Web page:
Wien!


I took an overnight train from Prague and made it to Vienna around 7:00am. After dropping my stuff off at my hostel I had a lot of time to kill before I could actually check in. I hopped on a subway to the city center, Stephensplatz. Vienna is also known for beautiful architecture and plethora of gardens. It did not disappoint. The only problem was that my feet were still killing me from all that walking in Prague. Fortunately, Vienna also boasts of a great bike sharing system called City Bike. It cost me one Euro to register for the program. The first hour is free. I had a perfect afternoon biking aimlessly around the city center. Unfortunately, I did not take as many pictures as I would have liked because my camera battery was dying.
On day two I dropped by a bike rental shop right around the corner from my hostel. I already knew I wanted to cycle the Eurovelo 6 to Bratislava the following day. However, after talking to a lot of folks about Budapest I was trying to figure out how I could also incorporate a quick trip to that city. The woman in the shop was very helpful. She printed off maps to show me the path to Bratislava. It wasn’t going to be quite as simple as I thought, but still very doable as a solo trip.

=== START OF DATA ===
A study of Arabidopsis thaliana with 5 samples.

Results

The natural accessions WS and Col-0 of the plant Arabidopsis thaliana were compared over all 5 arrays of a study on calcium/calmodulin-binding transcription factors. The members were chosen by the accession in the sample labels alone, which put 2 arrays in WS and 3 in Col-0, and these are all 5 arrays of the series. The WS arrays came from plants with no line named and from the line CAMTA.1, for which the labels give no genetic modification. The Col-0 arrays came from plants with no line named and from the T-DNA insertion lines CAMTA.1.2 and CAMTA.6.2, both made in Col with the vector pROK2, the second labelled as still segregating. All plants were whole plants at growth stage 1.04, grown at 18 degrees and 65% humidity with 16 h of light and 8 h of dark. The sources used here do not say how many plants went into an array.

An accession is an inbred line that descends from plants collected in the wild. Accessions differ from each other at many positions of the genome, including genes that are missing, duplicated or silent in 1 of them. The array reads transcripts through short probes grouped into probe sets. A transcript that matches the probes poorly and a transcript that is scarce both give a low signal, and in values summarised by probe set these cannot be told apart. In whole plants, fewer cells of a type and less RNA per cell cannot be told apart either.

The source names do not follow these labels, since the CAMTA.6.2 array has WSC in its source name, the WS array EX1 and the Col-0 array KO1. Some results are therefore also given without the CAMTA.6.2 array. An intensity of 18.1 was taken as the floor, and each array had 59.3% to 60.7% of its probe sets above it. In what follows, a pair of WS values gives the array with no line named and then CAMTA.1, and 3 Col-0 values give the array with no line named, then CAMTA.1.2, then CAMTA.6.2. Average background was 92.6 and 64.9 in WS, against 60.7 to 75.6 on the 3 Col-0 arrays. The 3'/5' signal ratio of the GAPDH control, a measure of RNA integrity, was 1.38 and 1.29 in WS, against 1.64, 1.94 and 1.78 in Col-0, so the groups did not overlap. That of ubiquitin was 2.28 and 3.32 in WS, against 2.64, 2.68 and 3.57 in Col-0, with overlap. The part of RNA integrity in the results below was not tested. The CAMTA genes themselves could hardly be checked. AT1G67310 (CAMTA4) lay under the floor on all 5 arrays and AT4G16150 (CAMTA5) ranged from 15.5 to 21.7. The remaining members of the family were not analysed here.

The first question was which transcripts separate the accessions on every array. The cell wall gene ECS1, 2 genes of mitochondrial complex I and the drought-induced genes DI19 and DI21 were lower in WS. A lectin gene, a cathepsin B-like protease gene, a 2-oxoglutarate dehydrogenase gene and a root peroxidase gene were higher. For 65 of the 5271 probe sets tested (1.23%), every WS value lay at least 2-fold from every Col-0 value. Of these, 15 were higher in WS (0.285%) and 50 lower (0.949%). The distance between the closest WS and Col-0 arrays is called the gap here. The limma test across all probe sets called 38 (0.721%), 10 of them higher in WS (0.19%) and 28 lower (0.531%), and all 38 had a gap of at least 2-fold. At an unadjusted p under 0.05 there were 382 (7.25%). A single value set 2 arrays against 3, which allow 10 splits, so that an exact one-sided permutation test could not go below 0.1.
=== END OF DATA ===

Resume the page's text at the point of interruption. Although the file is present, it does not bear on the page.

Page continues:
I spent the rest of the day exploring Vienna’s extensive bike path network. While bike paths in Vienna are plentiful they can be a little confusing. Sometimes the paths are two way and other times they are just one way. Sometimes the path just ends seemingly abruptly and you may not be sure what to do. If this is the case, remember, NEVER RIDE ON THE SIDEWALK IN VIENNA! They are serious about this one. Even if you are turned around, confused, and can’t read the German signage DO NOT EVEN THINK ABOUT IT! The thing that is immediately noticeable in Vienna is that there is a clear order to things and no one disrupts that order. The streets may be completely desolate, but still no one will jaywalk.  If you step out of line, even if it is because you are lost or confused, you will be notified of  your error by other bystanders. That is guaranteed.

During my bike exploration I wandered down to the canal and then onto the Donauinsel (Danube Island)  and the Danube river banks. Beautiful! It was a warm day and everyone was out sunbathing and playing. There is so much to enjoy outdoors in Vienna. I really did not have enough time to soak it all in. After two tries I was pretty sure I knew how to make the 8km trek from my hostel to the Danube cycling path. Next up: My Big Bike Adventure!